It has been a while since I discussed an actual physical security device here on the blog, but I received one of the periodic emails that DHS S&T sends out describing one of their new whiz bang developments. This one looks pretty interesting, a new way of stopping speeding vehicles.
The Front Gate Problem
One of the problems that facilities have at active perimeter gates is stopping the determined intruder. Most facilities do not want to unnecessarily impede traffic while still maintaining reasonable control of who enters the facility. So they employ a stop sign or simple pole barrier at the gate and that suffices to stop 99% of the facility visitors.
Of course you can get more sophisticated with retractable bollards, or S-Barriers or any number of other complicated and costly devices to catch the 1% of the remaining 1% who wish to do the facility harm. But it is hard to justify the cost and traffic delays when there is no active intelligence that indicates a specific threat to the facility.
The S&T communication describes three devices but the one most interesting for front gate applications is the Pit-BUL. S&T describes it this way:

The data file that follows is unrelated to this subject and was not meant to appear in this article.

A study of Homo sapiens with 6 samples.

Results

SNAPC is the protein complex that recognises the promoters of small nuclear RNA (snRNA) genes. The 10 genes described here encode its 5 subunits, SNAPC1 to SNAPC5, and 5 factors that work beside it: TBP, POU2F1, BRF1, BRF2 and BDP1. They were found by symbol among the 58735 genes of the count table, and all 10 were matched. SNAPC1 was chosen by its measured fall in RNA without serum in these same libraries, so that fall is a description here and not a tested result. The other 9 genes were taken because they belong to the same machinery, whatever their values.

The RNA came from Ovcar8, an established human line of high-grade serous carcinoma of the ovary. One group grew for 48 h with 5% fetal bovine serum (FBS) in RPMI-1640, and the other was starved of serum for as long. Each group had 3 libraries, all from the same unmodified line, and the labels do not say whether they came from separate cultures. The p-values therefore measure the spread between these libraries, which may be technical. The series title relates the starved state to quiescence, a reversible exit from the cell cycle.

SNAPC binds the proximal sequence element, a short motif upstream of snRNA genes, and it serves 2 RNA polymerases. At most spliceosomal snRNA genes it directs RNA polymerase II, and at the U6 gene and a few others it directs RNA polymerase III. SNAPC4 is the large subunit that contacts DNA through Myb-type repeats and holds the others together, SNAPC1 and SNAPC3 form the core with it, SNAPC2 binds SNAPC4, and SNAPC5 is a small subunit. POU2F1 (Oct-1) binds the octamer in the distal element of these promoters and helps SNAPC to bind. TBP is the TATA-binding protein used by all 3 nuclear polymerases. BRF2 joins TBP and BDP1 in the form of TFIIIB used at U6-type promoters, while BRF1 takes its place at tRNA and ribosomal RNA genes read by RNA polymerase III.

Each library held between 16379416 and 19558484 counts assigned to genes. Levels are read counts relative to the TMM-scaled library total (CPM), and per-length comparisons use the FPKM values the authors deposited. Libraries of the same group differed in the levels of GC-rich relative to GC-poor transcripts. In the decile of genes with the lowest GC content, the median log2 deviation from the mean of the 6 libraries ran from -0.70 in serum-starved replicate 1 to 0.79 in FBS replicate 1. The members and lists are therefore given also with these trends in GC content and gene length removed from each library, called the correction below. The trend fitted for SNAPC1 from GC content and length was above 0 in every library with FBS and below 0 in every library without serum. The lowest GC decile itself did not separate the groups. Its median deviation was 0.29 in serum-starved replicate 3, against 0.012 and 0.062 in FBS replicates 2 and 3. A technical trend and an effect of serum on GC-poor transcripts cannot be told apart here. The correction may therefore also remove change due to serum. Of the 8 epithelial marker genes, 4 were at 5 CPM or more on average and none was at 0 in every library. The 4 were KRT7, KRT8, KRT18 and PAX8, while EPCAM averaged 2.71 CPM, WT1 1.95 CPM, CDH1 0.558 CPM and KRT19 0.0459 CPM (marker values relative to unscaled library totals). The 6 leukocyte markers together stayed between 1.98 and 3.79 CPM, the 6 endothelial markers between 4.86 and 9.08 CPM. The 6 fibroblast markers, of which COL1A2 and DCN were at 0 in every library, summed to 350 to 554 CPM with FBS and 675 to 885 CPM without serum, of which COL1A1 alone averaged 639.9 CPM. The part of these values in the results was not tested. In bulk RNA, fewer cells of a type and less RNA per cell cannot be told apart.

“[T]he Pit-Ballistic Undercarriage Lanyard (Pit-BUL™) essentially is a tricked out speed bump. Hidden inside is a set of spikes attached to a net. When deployed, the spikes puncture the tires and the net tangles in the car’s axles. Made of easy to combine panels, Pit-BUL™ can be set up for single or double lane coverage.”
S&T says that this is effective against cars up “to a full-size SUV”, so this isn’t going to stop a truck borne IED or a bus load of attackers.
The S&T partner company that developed the product, Pacific Scientific Energetic Materials Company, has a brochure available and a video available on their web site. Now I haven’t seen any independent evaluations of the product, so I don’t know how well the concept works in actual practice, but it seems to be a novel approach to a very common security problem.